Last week the Electrical Product Safety Conference was held in London organised by Electrical Safety first and claims were made that smart products could make stuff safer.
Safer is good, we’ve no issue with that but somehow the products being made to be “smart”, i.e. connected magically makes them safer is a somewhat flawed notion if you ask us. And, it ignores some little problems.
Martyn Allen from ESF said, “In the next five years, most products will have some level of connectivity, and that’s fantastic – the safety benefits those products will provide will be a game-changer in my view,”
Which is great, in theory.
But here’s the thing, when it comes to appliances we do not see how this really helps people. Sure if your washing machine throws a hissy fit it will be able to report it to some remote call centre who will in turn book you a service call but that’s really about it. However, it does not allow the customer the choice of what action to take, it just takes the action.
As Tim Potter from Dixons Carphone (better known to us as Currys) puts it, “I think [consumers] can see a lot of value in it from that perspective. We want to make sure that when we send a van out to someone, it has the right parts on it. So, being able to diagnose the problem remotely is immensely powerful.
“It makes us more efficient, so the satisfaction level rises. As it progresses, we can get into a pre-emptive state and be able to tell the customer that we’ve detected a problem and arrange the visit.”
We don’t think locking people in like this is necessarily a good thing.
This is old news though that we’ve poured over many times before and, to date, we’ve yet to see a use case for connected appliances that actually makes any sense for most people.
Why then might you ask are appliance makers so keen on connected IoT products then? It’s a good and fair question to ask.
Appliance makers are not exactly making a lot of money and, they need to find ways to increase profit.
Couple that with a race to the bottom of the market where margins evaporate yet more, whilst customers still have a false perception that they are buying quality products and can be demanding far more for much less and it’s not hard to work out that the industry is a train wreck.
One way that manufacturers seem to think they can inject some profit back into the stuff they make is to stick some electronics in it to allow it to become connected to the outside world. Then hail it as innovation, wrap that up with some “green” hoopla and pump up the prices.
The big challenge they face there is that ovens cook, washers wash, fridges cool stuff, dryers dry and you do not need an internet connection for any of the core functions of any major appliance.
Most customers will figure that out pretty darned fast and suss out that really, they don’t need a connected product costing a ton more money for the same job a far cheaper one will do just the same.
Only a week or so ago chunks of the internet were attacked by a botnet apparently that was in part formed by IoT appliances.
If these machines can be hacked so easily how does that make people safer? Surely if they can be hacked that easily and even possibly told to do things that they shouldn’t, is that not more dangerous?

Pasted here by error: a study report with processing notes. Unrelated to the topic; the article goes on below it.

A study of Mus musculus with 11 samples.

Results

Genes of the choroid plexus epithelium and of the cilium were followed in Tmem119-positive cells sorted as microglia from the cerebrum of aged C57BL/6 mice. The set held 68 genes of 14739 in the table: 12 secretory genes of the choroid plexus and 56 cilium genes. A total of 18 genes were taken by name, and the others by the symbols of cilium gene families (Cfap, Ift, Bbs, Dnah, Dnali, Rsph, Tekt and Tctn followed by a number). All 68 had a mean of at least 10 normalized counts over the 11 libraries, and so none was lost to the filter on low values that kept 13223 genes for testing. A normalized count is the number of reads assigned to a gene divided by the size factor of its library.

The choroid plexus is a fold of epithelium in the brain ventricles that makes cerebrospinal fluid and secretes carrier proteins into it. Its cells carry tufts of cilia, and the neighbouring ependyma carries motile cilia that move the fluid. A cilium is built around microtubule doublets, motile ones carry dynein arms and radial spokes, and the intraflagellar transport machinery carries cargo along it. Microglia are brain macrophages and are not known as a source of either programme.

Worryingly when you consider this then read Simon Eaves of Panasonic’s comment which was, “Do you know your children have come back from school safely? Do you know that your elderly relatives are safe? So when you pull together products like cameras, motion sensors – and even water leak sensors – you can have total solution for security and peace of mind, and that obviously links in with insurance premiums.” that means that anyone hacked in could see who’s home or not.
Safety or a criminal’s paradise?
Mo’ Money + Safety + Privacy
Did you catch that bit about insurance premiums?
How happy will you be if your insurers can look in and see what you are eating and drinking, what the condition of your home is and so on? This is very real, only the other day we learned that some insurers are trawling Facebook to find out about their clients to “adjust” premiums, it’s scary.
The safety of your data on these devices, your shopping habits and more may well be up for grabs and, given the ease with which they’ve been hacked already we just cannot see how anyone could trust them.
We wouldn’t even put our payment details into one of these things, they’re just too insecure thus far but that’s a thing as manufacturers line up deals to sell consumables and even shopping through these smart appliances.
Never mind that, in an environment where maker’s are struggling for cash, what’s the betting that some may well sell the data anyways to boost revenues.
When you combine the financial incentives with the privacy concerns and mix in the so-called safety all we can think is this is trying to justify something that makers may well want to boost revenues but that really isn’t needed.
We also think that the “safety” aspect is little more than a way to try to sell it to unsuspecting people.
Service & Parts
Why do we care and why even bother to mention it you might thing as, after all we’re only involved in selling bits of them and fixing them.
Well for a start if they are stuffed full of electronics and the service information withheld then people will struggle to repair appliances themselves, which is bad for us obviously but it also pumps up the repair costs as you may well be forced to call out the manufacturer service only, you will have no choice but to do so.
That in turn means higher cost that will lead to more machines being scrapped we think and that probably won’t be helped by the restrictions on servicing and spare parts let alone even services being dropped as we’ve seen before with “smart” products.
The bottom line being that most large appliances have no requirement whatsoever to be connected in our opinion and in fact may well but, probably will be, detrimental to the people who buy them.